Duo Making Debuts
Making the jump from the amateur world into the murky waters of professional MMA is, for those who are devoted, not for the lighthearted.
Does anyone know Anderson Silva's amateur record? GSP's? Probably not. But when you go pro, wins and losses are chiseled into a stone that you drag with you until you walk out of the competitive arena for the final time.
At Friday's Rumble Time Promotion's Evolution, two of St. Louis' best up and coming fighters will wave goodbye to their amateur status.
Both St. Charles MMA's Jake Roberts and Modern Combat System's Kendrick Latchmam will make their pro debuts on the main card at Ameristar Casino.
For a coach, finding and accepting the right opponent for a fighter who is literally hitting the reset button on his or her career, can be an arduous process.
In reality, there are no perfect matches. This isn't eHarmony, after all.
St. Charles MMA's Mike Rogers, the man unquestionably behind the best talent the St. Louis area has ever produced, has gone through this process time and time again.
"You don't want a world beater right away in your first fight but there is only so much you can ask for," Rogers said. "The promotions aren't just going to give you a turd to kill. There are certain times that that happens. It's hard, if you're not involved. I can use some leverage, but it's a take and give thing. They're not going to put a fight on that they think is just ridiculous and the state won't allow that."
Jared Daniels-Block is the head coach at Modern Combat Systems. Though he does not have the resume that Rogers has, Daniels-Block has slowly but surely built a quality team at MCS.
"For me, the decision for Kendrick to turn pro was fairly easy," Daniels-Block said. "A big part of this (decision) for me is proving to me that he or she can put in the time and sacrifice needed to answer the professional ranks time and physical demands that it does require. For me and Kendrick, this was a mutual decision we made a few months back. The kid has shown nothing but 100-percent dedication to his team and his own personal growth. He has had a shorter ammy career, a bit of an unknown until recently, but has fought at 125, 35 and 45 when only weighting about 128 if he's lucky."
Roberts is the latest in a long line of SCMMA studs. Considered the region's top amateur, Roberts ran through the local competition, amassing an 8-0 record.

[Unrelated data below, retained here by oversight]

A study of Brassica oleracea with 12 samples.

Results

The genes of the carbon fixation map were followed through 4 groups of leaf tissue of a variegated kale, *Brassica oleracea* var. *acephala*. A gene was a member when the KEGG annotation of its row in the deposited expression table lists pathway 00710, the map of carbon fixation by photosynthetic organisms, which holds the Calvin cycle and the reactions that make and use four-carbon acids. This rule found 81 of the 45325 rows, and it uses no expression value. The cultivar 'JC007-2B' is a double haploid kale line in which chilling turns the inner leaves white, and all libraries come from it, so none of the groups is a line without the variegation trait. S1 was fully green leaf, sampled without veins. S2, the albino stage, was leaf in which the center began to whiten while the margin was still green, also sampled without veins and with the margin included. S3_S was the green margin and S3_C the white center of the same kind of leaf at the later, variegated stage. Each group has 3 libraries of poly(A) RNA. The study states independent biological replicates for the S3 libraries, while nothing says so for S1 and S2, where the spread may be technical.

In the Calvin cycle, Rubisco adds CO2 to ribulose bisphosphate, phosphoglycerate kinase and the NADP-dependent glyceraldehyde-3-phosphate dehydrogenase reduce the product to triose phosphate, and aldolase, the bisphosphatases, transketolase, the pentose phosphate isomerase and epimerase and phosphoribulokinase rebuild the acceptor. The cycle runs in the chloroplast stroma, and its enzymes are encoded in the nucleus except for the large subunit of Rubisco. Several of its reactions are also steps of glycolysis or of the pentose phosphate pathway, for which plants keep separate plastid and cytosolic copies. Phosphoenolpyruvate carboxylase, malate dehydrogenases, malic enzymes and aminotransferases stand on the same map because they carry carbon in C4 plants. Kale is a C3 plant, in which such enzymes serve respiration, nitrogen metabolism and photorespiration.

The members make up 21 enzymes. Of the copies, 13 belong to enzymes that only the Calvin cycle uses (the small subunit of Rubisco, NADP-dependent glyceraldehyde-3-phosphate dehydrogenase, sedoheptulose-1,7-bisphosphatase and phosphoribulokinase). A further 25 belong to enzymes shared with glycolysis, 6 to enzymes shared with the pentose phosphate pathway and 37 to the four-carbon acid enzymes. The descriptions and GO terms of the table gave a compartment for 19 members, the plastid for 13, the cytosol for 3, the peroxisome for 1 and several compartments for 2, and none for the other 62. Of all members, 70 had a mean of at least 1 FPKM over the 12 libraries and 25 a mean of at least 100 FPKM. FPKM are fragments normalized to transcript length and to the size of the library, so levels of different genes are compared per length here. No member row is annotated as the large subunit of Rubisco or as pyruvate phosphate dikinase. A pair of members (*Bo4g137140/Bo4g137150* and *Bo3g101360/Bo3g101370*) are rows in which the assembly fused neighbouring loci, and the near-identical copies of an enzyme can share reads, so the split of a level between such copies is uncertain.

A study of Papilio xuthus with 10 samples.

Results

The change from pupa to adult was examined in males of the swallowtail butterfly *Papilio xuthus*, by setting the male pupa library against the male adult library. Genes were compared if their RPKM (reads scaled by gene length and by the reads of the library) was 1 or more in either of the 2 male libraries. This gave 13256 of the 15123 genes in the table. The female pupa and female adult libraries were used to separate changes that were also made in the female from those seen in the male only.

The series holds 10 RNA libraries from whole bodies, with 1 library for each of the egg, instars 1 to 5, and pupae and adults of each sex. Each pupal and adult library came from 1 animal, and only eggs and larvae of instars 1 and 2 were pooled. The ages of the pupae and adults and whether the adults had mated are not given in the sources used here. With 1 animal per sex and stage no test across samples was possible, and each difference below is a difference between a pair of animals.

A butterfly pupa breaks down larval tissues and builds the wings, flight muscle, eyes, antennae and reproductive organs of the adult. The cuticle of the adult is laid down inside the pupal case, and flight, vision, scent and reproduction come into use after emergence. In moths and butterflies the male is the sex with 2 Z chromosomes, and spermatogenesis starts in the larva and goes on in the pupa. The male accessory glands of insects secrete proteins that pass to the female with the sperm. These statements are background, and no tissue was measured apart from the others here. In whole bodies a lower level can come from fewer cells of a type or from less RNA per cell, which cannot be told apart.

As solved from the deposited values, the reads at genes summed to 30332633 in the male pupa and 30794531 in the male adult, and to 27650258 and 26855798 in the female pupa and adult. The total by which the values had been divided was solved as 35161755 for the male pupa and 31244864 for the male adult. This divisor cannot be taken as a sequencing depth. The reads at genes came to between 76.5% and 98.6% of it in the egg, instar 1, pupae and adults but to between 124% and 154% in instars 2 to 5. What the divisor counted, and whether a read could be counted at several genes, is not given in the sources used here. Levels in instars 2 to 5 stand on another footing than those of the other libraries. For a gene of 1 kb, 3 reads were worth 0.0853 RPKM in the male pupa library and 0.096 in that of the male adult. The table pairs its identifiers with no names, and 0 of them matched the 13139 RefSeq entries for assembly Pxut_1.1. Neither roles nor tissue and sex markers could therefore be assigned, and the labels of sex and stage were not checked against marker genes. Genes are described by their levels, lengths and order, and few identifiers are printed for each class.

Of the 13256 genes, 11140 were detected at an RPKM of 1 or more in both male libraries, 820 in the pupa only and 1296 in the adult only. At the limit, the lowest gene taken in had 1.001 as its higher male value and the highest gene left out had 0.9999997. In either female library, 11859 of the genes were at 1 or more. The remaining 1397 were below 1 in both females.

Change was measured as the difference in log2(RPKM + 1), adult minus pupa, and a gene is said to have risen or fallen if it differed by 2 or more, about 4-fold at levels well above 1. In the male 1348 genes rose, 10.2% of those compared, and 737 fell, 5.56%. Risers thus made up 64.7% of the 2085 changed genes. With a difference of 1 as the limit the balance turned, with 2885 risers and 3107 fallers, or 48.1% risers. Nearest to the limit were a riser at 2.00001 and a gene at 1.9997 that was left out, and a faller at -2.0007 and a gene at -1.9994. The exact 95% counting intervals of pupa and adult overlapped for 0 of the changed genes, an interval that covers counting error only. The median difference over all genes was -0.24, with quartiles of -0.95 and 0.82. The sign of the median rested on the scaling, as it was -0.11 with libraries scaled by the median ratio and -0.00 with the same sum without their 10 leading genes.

Finding quality foes for Roberts as an amateur was difficult, to near impossible, and that struggle carried over into his pro debut.
"The first guy we were happy with, the second guy we were happy with then all of the sudden a guy pulls out and we're on the fourth guy and basically we just took whoever they said," Rogers said. "I think it's going to be that way with Jake. We're not going to be able to make our own decisions on who we fight."
Roberts' evolution from a rough and rugged brawler that stumbled to a 0-3 start in the boxing ring to a finely-tuned fighting machine has taken time. Under Rogers' watchful eye, he elevated and sharpened an already sound ground game and with the help of JD Absheer, the 23-year-old became a Golden Gloves champ who qualified for the National Golden Gloves tournament, amassing two KO's along the way.
"He used to be terrible; had no technique at all," Rogers said. "Two years ago he was trying to double leg in his first boxing match. Now he has technique and he has put in a lot of time. He has put in a lot of work, like Alp, Sampo, Kirk, and Ricehouse. Their work ethic has rubbed off on him."
Roberts will take on Raul Roses on Friday. The 5-foot-7 Roses was a decorated amateur himself and won his pro debut in April in Kansas.
Roses and fans on Friday can expect balls to the wall from Roberts. The "North County Nightmare" knows only one speed.
"Jake is 100-percent go," Rogers said. "He just comes after you. There's no stalling. If it was a wrestling match there would be no stalling calls ever. He is like how Rickson Gracie says you're supposed to do jiu-jitsu; don't worry about points, just go for the submission. He's not going to hold position for five minutes on somebody, he is going to go for submission or going for knockouts and that's his style."
For Latchman, he will face New Mexico's Juan Aranda. Aranda had a 4-1 amateur record and will also make his pro debut.
"This choice solely came based on availability and pro experience," Daniels-Block said. "Other options I had were opponents with negative records so this fight was taken. One of them will walk away 0-1."
Latchman is a whirlwind of combat threats with so much speed that he can hit the light switch and be in bed before the room gets dark. He went 11-3-1 as an ammy and routinely satisfied the throngs who have seen him fight.
"Kendrick is like lighting a chain of black cats tied together," Daniels-Block said. "He is one of the most explosive athletes we have at MCS. He has a ton of weapons in the arsenal and is well rounded, so in a sense he brings everything to the table in a dynamic fashion."
Rumble Time Evolution will take place at Ameristar Casino in St. Charles, MO on Friday. Doors open at 6 p.m with the first fight set for 7 p.m. Tickets can be purchased by calling 314-662-2000 or online by clicking here.